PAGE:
The Overlooked Weapon at the Heart of Auburn's Unlikely Final Four Run


Jared Harper might just epitomize this Auburn basketball team: overlooked, undersized and playing about as well as anybody.

The Tigers’ 5-foot-11 point guard has been a driving force in their surprising run to their first Final Four. He has supplied clutch plays, especially against Kentucky, along with blink-and-you-miss-it drives and 3-pointers.

Now, Harper and Auburn face top-seeded Virginia on Saturday in Minneapolis.

The diminutive junior is coming off the biggest performance of his career, a 26-point, five-assist, four-rebound, three-steal stat sheet stuffer against the Wildcats.


Or for Auburn, so far.

Harper scored the final points of regulation on a scooping layup against Kentucky, then added 12 of Auburn’s 17 overtime points en route to a 77-71 upset.


“When he first came to Auburn, he said he wanted to have an ESPN ’30 for 30′ story on how he led Auburn to a championship and brought them back,” said Patrick Harper, his father and a high school coach. “I said, ‘Yeah, right. We’re not that good.’

“He had that vision. I still remind him that he said it and he believed it. He set the goals high.”

Harper has been a centerpiece of Auburn’s rebuild, along with sharp-shooting guard Bryce Brown and versatile forward Chuma Okeke, who tore the ACL his left knee in the Sweet 16 against North Carolina. Six-foot-11 center Austin Wiley dealt with injuries this season and mostly comes off the bench for limited minutes.

Harper, meanwhile, has started 103 games over the past three years, and his numbers have climbed across the board every year.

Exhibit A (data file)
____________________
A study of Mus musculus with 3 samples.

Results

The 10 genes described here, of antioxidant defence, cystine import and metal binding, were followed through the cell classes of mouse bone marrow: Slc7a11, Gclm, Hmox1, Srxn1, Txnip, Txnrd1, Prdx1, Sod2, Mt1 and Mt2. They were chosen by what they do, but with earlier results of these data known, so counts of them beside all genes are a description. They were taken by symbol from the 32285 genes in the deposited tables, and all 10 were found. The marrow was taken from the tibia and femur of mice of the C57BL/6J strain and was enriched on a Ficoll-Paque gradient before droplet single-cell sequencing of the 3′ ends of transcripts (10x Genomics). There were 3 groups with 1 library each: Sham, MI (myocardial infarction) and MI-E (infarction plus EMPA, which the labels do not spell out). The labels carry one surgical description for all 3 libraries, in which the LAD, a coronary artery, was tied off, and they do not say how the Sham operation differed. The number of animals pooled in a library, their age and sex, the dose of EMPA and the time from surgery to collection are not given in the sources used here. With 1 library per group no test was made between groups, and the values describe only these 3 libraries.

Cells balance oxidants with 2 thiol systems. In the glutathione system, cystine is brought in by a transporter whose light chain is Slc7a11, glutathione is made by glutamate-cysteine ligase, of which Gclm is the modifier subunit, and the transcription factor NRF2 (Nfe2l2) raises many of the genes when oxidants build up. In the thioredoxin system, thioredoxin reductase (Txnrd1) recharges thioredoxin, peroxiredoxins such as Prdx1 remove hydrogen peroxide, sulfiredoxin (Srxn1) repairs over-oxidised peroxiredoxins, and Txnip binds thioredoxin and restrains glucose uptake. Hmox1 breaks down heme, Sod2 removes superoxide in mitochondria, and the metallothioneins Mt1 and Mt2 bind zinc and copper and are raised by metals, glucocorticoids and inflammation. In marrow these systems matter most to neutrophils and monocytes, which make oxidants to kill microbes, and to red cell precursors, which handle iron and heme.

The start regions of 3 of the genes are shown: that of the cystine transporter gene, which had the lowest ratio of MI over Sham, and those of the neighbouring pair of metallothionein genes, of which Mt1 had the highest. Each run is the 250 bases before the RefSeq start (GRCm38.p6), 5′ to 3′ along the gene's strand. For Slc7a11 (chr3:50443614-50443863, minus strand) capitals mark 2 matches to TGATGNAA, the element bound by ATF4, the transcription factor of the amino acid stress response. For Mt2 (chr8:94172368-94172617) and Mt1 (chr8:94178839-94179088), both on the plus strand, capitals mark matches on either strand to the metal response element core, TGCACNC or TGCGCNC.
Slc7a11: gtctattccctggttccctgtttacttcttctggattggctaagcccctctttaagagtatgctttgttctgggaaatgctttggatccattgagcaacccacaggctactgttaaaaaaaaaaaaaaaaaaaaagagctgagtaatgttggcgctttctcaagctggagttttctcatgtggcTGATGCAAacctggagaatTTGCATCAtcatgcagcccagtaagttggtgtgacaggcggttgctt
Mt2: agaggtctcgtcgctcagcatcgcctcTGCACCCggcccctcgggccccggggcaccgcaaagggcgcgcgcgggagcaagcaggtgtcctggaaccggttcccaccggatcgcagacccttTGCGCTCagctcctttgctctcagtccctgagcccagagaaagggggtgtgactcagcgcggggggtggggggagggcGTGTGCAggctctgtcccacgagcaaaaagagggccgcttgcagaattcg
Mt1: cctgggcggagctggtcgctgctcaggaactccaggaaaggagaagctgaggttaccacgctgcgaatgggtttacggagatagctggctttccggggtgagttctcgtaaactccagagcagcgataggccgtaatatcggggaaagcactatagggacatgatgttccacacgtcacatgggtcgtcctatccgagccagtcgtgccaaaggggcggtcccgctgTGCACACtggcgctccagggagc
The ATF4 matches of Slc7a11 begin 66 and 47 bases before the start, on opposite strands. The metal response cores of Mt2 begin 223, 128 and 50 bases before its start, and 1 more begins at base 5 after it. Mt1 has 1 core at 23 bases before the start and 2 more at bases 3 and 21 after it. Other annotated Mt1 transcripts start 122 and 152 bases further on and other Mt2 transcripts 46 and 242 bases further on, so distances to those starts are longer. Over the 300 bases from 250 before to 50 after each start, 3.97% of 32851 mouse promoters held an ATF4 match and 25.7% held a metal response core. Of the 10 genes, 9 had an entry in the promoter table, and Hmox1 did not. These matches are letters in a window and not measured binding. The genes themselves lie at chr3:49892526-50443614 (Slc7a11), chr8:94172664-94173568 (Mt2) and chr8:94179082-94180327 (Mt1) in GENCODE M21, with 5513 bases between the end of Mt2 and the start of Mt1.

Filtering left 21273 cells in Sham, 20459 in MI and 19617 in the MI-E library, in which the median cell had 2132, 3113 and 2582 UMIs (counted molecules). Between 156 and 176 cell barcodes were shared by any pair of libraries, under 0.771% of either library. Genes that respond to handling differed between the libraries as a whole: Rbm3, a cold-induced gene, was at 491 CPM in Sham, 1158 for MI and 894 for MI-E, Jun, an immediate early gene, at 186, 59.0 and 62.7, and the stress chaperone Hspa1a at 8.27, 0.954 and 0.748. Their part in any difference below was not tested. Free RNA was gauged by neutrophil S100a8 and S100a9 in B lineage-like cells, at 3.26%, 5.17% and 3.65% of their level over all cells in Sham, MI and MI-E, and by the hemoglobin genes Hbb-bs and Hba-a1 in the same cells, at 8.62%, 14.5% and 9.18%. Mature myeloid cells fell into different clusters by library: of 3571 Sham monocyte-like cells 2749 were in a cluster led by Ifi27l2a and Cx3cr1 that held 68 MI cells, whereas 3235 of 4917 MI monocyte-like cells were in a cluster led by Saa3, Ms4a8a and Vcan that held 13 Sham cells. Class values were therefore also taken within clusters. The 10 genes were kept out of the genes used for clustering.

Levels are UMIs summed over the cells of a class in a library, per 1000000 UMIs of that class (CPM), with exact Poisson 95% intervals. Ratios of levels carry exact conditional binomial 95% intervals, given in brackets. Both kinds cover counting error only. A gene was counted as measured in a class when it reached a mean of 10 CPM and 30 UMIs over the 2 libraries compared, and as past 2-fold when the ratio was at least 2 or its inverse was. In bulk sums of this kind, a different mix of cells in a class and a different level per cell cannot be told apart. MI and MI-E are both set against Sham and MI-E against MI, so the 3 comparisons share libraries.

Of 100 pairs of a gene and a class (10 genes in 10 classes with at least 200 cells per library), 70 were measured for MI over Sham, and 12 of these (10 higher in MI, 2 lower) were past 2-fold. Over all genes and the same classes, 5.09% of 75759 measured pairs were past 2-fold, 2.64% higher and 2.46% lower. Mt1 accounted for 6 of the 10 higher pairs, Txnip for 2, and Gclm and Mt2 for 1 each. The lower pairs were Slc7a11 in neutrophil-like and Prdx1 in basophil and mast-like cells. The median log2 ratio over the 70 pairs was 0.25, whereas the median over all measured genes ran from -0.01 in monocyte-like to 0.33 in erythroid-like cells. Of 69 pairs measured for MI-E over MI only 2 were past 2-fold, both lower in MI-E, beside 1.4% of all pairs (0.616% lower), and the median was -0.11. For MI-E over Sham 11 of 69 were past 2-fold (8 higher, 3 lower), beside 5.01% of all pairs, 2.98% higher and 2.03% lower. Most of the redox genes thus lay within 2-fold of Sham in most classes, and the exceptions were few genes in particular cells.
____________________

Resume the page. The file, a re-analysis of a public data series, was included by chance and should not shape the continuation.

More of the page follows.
The NCAA Tournament has thrust Harper — and the Tigers — onto the national stage. His huge game against Kentucky helped Auburn overcome the emotional loss of Okeke.

He demurred on taking too much credit after that game, citing the play of teammates like Samir Doughty and Brown.

“That gives me confidence going into overtime to be able the make those plays because I have the same confidence in them to make plays,” Harper said.

Spoken like a true point guard.

He has more than held his own in three straight games against teams with point guards who were five-star recruits, according to the 247 Sports composite ranking of the major recruiting sites.

Kentucky has Ashton Hagans, North Carolina has Coby White and Kansas has Devon Dotson. And Auburn is perfectly happy with Harper, who wasn’t quite blue-chip enough to get recruited by any of those bluebloods.

Harper wasn’t a finalist for the Bob Cousy Award given to the nation’s top point guard, and he wasn’t among the eight players who Southeastern Conference coaches picked for the all-conference team. Neither was Brown or Okeke, for that matter.

Pearl doesn’t think Harper’s play is driven by feeling overlooked or underrated.

“I don’t think he does play (ticked) off or with much of an edge,” the coach said. “I think it’s because he’s always played that way. He’s always been overlooked. So, he just goes about his business and it’ll be like that in the NBA for him.

“There are 30 teams in the league, and most of them won’t want an undersized point guard, but there will be a couple that are smart enough that will. He’ll make his way onto one of those rosters, and then they’ll see the value.”

Auburn already understands Harper’s value.

He is averaging 15.4 points per game and is tied for the SEC lead with 5.8 assists per game. He is third in free-throw percentage and fourth in both 3-pointers made per game and assist-turnover ratio.

Harper is the pacesetter for Auburn’s frequently up-tempo style.

He also is pretty good at predictions, including one he made the morning of the Kentucky game.

“He said, ‘Dad, we’re going to win this game and I’m going to have a big game,'” the proud father recalled. “And he delivered.”

The Western Journal has reviewed this Associated Press story and may have altered it prior to publication to ensure that it meets our editorial standards.